I knew then it would be number one of my Best Movies of 2012 list, but I dreaded writing about it. Amour is a film that so completely took me over and affected me emotionally that I was scared to revisit it in an in-depth review.
Now that it is opening in wide release, I can’t avoid it any longer. The rest of the cinema world has already embraced it so fully, even in as mainstream an award show as the Oscars, which gave it five well-deserved nominations — a big deal for a foreign film. So I am the last in line, but I’ll try here to add something new to the conversation.
Much has been written about Haneke’s proclivity to torture his audience. The term “provocateur” gets thrown around a lot. Certainly, Amour is provocative as well. It’s an unsettling movie about fragility and mortality that features an elderly French couple nearing the end of their lives. It mostly takes place in their apartment. But don’t let the single setting and depressing premise fool you: Amour is not merely a clinical exercise, as much of Haneke’s work has been categorized. There’s enough honest and wrenching observations about love and death in Amour to fill a Tolstoy novel.
The credit for the warm undertones beneath the anguish should go to Haneke’s extraordinary actors, whose own life experience is on display here. It is key to the movie’s success that the upperclass Georges (Jean-Louis Trintignant) and Anne (Emmanuelle Riva) have a rich past together, especially since only glimpses of it are actually referred to in Haneke’s efficient, clear-eyed screenplay. It is this economy of theme paired with the subtle richness of character that make Amour so powerful.
Georges and Anne’s spacious Parisian apartment has been the setting for much shared joy and tenderness but soon it takes on quite a different tone — one that neither of them are prepared for, despite their many contented years together. Anne’s quick decline in health following a stroke forces Georges into caretaker mode, a role he accepts with determination, for he trusts no one else to treat his wife with the respect she deserves. But Haneke’s tough screenplay isn’t interested in showcasing the quiet nobility of the caregiver. His concerns are more pressing and angry. Anne’s condition debilitates both of them, and this place of refuge slowly becomes a tomb, quite literally.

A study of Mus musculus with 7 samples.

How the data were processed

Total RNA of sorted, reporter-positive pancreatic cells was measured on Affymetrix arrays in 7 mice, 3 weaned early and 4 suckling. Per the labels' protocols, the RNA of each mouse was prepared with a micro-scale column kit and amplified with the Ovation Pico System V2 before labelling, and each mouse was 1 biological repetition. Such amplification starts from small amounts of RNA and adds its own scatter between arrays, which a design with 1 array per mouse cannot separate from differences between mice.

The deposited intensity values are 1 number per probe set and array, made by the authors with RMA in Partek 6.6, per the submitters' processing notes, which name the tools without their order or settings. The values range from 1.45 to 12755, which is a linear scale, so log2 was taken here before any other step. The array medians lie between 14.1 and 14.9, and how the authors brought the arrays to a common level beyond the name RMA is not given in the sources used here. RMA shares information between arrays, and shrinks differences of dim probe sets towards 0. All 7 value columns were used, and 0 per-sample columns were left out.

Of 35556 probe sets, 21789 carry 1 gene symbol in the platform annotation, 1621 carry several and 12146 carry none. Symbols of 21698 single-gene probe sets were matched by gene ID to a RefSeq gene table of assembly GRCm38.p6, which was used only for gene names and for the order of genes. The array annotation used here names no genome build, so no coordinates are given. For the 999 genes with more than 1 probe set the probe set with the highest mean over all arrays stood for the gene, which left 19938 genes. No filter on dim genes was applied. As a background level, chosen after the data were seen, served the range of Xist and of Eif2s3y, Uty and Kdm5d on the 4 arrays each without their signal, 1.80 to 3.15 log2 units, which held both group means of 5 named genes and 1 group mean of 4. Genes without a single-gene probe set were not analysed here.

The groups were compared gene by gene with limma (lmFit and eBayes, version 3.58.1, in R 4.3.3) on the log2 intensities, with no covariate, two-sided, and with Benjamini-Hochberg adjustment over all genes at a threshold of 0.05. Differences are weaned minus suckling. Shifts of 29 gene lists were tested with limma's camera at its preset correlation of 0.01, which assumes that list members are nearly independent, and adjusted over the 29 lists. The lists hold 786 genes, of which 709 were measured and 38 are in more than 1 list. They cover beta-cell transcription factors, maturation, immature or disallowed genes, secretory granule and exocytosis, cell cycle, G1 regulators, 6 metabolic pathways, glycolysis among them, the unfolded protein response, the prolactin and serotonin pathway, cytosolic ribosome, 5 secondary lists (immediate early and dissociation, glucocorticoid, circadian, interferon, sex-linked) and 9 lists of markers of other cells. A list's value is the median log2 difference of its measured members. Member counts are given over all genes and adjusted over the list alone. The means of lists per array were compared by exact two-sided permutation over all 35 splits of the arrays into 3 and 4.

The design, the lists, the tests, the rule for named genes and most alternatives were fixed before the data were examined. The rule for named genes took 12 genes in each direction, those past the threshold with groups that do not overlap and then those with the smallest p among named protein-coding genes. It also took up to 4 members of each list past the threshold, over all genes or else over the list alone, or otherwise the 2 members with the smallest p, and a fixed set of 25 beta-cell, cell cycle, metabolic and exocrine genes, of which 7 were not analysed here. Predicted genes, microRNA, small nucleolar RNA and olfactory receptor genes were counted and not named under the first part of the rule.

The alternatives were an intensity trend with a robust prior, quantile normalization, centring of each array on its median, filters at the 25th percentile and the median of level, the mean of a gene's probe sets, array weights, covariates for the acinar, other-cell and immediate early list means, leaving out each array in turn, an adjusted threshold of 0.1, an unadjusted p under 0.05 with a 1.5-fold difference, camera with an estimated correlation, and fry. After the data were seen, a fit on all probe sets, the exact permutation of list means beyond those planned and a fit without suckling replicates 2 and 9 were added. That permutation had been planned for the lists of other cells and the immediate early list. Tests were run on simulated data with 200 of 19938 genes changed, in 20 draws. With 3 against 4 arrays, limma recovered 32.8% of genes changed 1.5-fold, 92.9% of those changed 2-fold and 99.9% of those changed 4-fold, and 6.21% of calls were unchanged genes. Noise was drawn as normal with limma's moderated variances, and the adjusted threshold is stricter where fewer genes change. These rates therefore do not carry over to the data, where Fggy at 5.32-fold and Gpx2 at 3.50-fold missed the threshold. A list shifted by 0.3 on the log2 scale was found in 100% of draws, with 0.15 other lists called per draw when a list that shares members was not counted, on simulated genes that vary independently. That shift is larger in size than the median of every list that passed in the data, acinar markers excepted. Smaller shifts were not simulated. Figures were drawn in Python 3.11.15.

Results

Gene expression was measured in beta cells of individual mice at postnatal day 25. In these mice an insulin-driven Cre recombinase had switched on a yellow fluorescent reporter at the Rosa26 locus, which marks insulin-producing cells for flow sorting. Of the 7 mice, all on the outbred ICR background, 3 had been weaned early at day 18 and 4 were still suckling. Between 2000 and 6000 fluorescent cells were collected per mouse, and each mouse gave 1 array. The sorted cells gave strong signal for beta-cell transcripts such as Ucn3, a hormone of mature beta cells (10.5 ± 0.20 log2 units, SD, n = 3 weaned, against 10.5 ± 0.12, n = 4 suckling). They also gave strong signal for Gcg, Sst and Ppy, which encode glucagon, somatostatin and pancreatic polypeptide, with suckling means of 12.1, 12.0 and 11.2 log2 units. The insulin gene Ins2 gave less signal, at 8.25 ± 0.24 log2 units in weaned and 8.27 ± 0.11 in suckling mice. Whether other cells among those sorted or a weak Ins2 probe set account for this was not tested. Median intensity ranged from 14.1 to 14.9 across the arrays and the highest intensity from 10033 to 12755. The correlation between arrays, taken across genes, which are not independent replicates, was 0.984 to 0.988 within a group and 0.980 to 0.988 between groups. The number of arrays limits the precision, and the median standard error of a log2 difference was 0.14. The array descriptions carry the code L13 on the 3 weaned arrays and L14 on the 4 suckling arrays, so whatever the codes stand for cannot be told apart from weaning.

When their middle-aged daughter (Isabelle Huppert) shows up with her own “life crisis,” it’s all noise to Georges. He’s also not willing to accept any talk of plans for the inevitable future. His daughter is of no use to him now. He wants to be alone with his grief. Georges’ selfishness is completely understandable and defensible, and it flies in the face of the “brave warrior” mentality that is generally accepted and perhaps preferred in this situation. Of course its preferred because it makes it easier on other family members, no matter how well meaning they are. This subject matter is ripe for sentimentalization, but Haneke resists it at every turn, opting instead for unflinching honesty.
Haneke’s choice to shoot Amour with a static camera and lots of long takes illustrates the loneliness of the apartment, even as it foreshadows the complete stillness soon to come. (Not to mention a jarring opening scene that lets us know right away what kind of tone will be taken.) There is no score to guide the audience’s emotions either, only the diagetic sounds of classical music as played or listened to onscreen.
The apartment is most certainly empty by film’s end, and when it arrives, it is an absence deeply felt. But it’s not before several startling moments of revelation — and many quiet ones as well. These moments are organically sewn into Haneke’s script and brought to stunning life by Trintignant and Riva’s performances. On one hand, it’s a beautiful notion that a couple happily married for a lifetime can still learn something new about each other in their 80s.
On the other hand, death is a cruel hand to be dealt, and it comes for the wealthy and proud just as it does for the rest of the world’s citizens.